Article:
It might be that the stress of the holiday season itself is responsible for some marriages ending. It can be a lot to take on. Or, you might be sticking it out for the holidays so you don’t ruin the season for your kids. Perhaps the prospect of a new year ahead of you has prompted your interest in divorce.
Whatever the reason, January has earned a reputation as “divorce month.” But that doesn’t mean you shouldn’t start thinking it over in December.
“By the end of it, many people feel like, ‘I do not want to ever go through this holiday period again with this person,'” one attorney told USA TODAY.
That may be enough.
Another reason people may wish to file the first thing in January is to get started on the waiting period. In Colorado, there is a mandatory 90-day waiting period to divorce. Filing right away gets that 90-day period started.
How common is divorce in January?
It’s hard to say exactly what percentage of divorces are filed in January. It’s complicated by the fact that both marriage and divorce have been declining over the past decade or so. According to the Centers for Disease Control and Prevention, the divorce and annulment rate in 2017 was 8% lower than it was in 2007.
We do know that Google Trends reports the topic “divorce” peaks in the first couple of weeks of January. And, between December 2018 to January 2019, Pinterest queries about divorce parties jumped by about 21%.
Researchers have noticed the trend, as well. For example, a 2016 University of Washington study examined 15 years of divorce filings in that state and found a definite increase in January filings over those in December. The same trend was found in a variety of other states, pointing to a nationwide trend.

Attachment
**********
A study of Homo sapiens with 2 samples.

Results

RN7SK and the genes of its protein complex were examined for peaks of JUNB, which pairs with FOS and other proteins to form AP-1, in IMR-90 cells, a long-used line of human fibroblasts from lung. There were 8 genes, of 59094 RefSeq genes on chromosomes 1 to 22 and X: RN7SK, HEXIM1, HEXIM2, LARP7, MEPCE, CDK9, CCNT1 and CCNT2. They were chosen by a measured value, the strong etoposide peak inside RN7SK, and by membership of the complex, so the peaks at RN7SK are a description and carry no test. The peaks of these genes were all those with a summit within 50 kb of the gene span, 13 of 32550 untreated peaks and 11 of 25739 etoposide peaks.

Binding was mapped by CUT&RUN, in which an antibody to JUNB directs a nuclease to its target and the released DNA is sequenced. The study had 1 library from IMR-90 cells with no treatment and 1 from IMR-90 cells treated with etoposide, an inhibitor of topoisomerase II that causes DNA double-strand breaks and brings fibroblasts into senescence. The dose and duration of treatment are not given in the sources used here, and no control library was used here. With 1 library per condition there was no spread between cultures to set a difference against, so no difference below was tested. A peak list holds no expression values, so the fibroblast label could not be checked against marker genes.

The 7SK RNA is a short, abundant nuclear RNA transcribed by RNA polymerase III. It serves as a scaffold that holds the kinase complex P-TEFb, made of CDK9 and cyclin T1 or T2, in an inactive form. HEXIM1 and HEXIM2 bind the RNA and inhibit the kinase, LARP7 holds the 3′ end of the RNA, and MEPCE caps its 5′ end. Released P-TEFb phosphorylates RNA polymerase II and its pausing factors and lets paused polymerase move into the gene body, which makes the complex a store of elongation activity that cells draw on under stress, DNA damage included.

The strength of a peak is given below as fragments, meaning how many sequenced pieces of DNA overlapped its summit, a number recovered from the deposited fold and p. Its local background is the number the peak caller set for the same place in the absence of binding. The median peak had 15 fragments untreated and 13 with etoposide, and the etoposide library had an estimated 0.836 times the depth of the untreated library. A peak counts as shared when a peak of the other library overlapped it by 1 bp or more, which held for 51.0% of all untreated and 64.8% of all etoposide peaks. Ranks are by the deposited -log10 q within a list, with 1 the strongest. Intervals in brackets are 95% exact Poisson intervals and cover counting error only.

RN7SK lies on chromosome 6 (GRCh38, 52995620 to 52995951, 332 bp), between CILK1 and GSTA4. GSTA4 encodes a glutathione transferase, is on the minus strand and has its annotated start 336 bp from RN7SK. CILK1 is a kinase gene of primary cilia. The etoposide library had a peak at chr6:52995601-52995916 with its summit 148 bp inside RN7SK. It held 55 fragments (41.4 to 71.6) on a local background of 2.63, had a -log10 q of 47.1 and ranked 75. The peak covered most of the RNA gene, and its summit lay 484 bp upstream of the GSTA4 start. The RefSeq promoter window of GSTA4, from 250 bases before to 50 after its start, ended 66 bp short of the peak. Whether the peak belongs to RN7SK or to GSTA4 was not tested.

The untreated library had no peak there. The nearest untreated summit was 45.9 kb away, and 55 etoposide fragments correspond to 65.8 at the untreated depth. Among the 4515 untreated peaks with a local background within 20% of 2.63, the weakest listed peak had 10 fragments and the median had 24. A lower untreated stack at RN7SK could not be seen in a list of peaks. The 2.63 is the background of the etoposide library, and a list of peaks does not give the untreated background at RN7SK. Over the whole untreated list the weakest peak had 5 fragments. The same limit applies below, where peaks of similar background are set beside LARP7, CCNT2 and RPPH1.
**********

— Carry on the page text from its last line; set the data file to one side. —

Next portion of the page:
A couple of things to consider
It may all come down to this: Nobody wants to announce a divorce in the middle of the busy, happy holiday season. Saving the news for later gives you one final chance to enjoy the holiday with the entire family.
Moreover, you may find that the holiday season is too busy and fraught a time to allow a rational discussion. If you have children, you’re going to be tied to their other parent for life, regardless of whether you remain married. You will have to co-parent with that person and see them at a variety of family events over the years. You may want to wait until a calmer period before you bring up your intention to file for divorce.
When you’re ready to take the next step, contact an experienced lawyer for help.